Rumors are circulating of a Windows 9 preview that is set to be launched in the next couple months. This is pretty important because it communicates to investors how well Microsoft (NASDAQ:MSFT) can navigate the consumer side of its business.
Based on past reports, people believe project Threshold will unite the Microsoft ecosystem, based on comments from Satya Nadella. Assuming the new OS delivers on this one fact, we can view Windows 9 as a positive earnings catalyst. However if it's just a basic update/patch to the user experience, paired with some minor security improvements, the September/October preview event will do little to move the stock price.
The importance of delivering an actual ecosystem is real. Microsoft's various products don't work very well together across mobile, tablet and desktop. With the vast majority of Microsoft's installed base being PC-owners, Microsoft needs to deliver on more seamless integration between the various form factors, beyond improvements to the metro layout. A stronger ecosystem can drive sales in its Nokia device division, while boosting mobile app development.
Windows 9 is expected to integrate Cortana (Microsoft's digital assistant), and come equipped with a user interface that's reminiscent of Windows 7, with some aspects of Metro in the start menu. The Metro layout is much more effective on mobile and tablet devices, versus desktop. Apple decided against making the Mac OS user interface the same as iOS as Apple anticipated that the two layouts should be different. Somehow Microsoft thought it would be a good idea to standardize metro across desktop and mobile.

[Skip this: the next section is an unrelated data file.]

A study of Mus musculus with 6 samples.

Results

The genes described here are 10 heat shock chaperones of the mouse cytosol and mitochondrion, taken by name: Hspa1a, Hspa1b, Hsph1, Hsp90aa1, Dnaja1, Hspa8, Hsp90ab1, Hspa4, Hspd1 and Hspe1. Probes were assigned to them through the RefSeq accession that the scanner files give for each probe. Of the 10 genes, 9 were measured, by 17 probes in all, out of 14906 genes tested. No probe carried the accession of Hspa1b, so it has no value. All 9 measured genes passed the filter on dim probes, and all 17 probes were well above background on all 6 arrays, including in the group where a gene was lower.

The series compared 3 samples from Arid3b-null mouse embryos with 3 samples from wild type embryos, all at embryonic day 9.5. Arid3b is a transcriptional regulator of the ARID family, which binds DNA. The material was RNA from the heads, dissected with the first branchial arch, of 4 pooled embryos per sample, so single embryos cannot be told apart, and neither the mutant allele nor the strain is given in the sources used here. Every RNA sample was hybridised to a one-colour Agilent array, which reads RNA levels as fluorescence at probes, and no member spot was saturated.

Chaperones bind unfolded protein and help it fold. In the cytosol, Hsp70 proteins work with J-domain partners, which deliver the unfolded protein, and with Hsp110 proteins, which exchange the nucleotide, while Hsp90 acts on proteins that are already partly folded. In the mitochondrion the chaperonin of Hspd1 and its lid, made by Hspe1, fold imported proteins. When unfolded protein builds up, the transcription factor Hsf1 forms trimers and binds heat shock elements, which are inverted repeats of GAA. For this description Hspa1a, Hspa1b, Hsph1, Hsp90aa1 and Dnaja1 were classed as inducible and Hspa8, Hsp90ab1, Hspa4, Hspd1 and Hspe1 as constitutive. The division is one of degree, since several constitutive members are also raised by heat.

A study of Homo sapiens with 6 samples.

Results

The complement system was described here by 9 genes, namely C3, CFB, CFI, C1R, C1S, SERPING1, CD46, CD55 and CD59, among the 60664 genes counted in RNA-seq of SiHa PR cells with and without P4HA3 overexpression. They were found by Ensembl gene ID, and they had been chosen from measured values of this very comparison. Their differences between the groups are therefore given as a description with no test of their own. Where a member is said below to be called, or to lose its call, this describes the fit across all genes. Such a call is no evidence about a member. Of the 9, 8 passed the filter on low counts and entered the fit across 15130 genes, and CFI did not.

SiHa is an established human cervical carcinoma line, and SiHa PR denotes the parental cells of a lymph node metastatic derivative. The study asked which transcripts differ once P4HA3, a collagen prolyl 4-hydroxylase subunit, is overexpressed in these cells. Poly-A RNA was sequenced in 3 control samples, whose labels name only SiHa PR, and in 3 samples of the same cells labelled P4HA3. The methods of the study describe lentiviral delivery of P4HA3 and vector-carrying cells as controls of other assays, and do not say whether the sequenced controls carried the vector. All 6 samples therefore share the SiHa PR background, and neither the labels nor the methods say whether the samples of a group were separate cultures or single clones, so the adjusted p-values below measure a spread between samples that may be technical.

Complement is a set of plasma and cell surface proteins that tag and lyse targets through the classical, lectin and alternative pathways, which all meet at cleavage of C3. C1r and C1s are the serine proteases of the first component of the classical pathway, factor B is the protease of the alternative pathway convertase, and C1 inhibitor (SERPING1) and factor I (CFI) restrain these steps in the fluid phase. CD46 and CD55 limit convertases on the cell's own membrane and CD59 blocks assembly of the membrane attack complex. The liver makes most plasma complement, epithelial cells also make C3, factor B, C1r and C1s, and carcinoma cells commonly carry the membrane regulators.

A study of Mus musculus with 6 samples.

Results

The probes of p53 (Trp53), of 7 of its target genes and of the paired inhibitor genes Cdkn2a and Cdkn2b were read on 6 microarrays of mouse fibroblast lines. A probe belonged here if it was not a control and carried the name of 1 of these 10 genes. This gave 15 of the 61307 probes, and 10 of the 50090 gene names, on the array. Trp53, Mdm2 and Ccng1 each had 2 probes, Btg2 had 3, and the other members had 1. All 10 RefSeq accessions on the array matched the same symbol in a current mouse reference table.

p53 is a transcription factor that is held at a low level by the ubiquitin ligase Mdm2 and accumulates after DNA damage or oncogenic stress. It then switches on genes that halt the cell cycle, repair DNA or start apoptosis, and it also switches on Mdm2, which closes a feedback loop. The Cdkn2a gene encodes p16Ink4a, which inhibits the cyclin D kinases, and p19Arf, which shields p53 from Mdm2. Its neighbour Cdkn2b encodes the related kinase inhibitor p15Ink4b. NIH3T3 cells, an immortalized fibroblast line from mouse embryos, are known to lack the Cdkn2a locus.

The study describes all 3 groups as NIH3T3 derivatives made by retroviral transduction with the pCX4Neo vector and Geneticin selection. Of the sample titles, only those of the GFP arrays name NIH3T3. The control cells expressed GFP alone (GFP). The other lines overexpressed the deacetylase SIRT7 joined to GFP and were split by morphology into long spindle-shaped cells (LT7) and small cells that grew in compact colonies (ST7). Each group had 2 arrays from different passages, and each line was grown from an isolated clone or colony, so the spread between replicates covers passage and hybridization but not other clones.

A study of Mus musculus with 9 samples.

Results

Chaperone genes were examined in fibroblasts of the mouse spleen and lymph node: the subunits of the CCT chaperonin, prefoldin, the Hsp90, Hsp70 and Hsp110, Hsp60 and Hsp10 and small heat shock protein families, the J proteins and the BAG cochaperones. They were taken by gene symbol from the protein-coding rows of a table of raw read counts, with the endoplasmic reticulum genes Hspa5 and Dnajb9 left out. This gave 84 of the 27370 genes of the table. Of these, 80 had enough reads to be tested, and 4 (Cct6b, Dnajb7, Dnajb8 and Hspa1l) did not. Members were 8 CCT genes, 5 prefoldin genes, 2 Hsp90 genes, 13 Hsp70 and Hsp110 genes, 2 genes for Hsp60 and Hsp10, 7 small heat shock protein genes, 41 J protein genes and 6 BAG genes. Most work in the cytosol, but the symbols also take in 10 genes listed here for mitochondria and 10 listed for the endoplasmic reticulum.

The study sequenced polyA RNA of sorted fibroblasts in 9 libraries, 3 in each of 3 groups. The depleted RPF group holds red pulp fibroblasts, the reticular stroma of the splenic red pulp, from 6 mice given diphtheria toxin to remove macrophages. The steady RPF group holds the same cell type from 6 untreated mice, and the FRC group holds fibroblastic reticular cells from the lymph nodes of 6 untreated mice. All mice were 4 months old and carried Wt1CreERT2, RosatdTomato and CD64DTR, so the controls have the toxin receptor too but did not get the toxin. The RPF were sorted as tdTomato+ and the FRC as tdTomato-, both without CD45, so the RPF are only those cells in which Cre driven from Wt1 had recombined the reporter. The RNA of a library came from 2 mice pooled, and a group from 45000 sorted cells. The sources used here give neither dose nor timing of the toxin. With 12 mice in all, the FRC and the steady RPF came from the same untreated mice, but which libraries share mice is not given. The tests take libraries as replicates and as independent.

Microsoft's devices and consumer licensing business (Windows licenses for consumer) generated $19.021 billion in revenue in the trailing 12-month period. The segment generated 24.4% of Microsoft's sales, and assuming Windows 9 generates better licensing volume, the impact could be material to shareholders.
Gartner forecasts that desktop/laptop shipments will decline by 35 million over the next three years. Therefore, Windows 9 needs to offer some really compelling features beyond what was mentioned earlier in the article. Otherwise, Microsoft could will milk profits from a declining product category. Which is OK, but I think every analyst/investor would prefer a growing consumer licensing business over the next three years.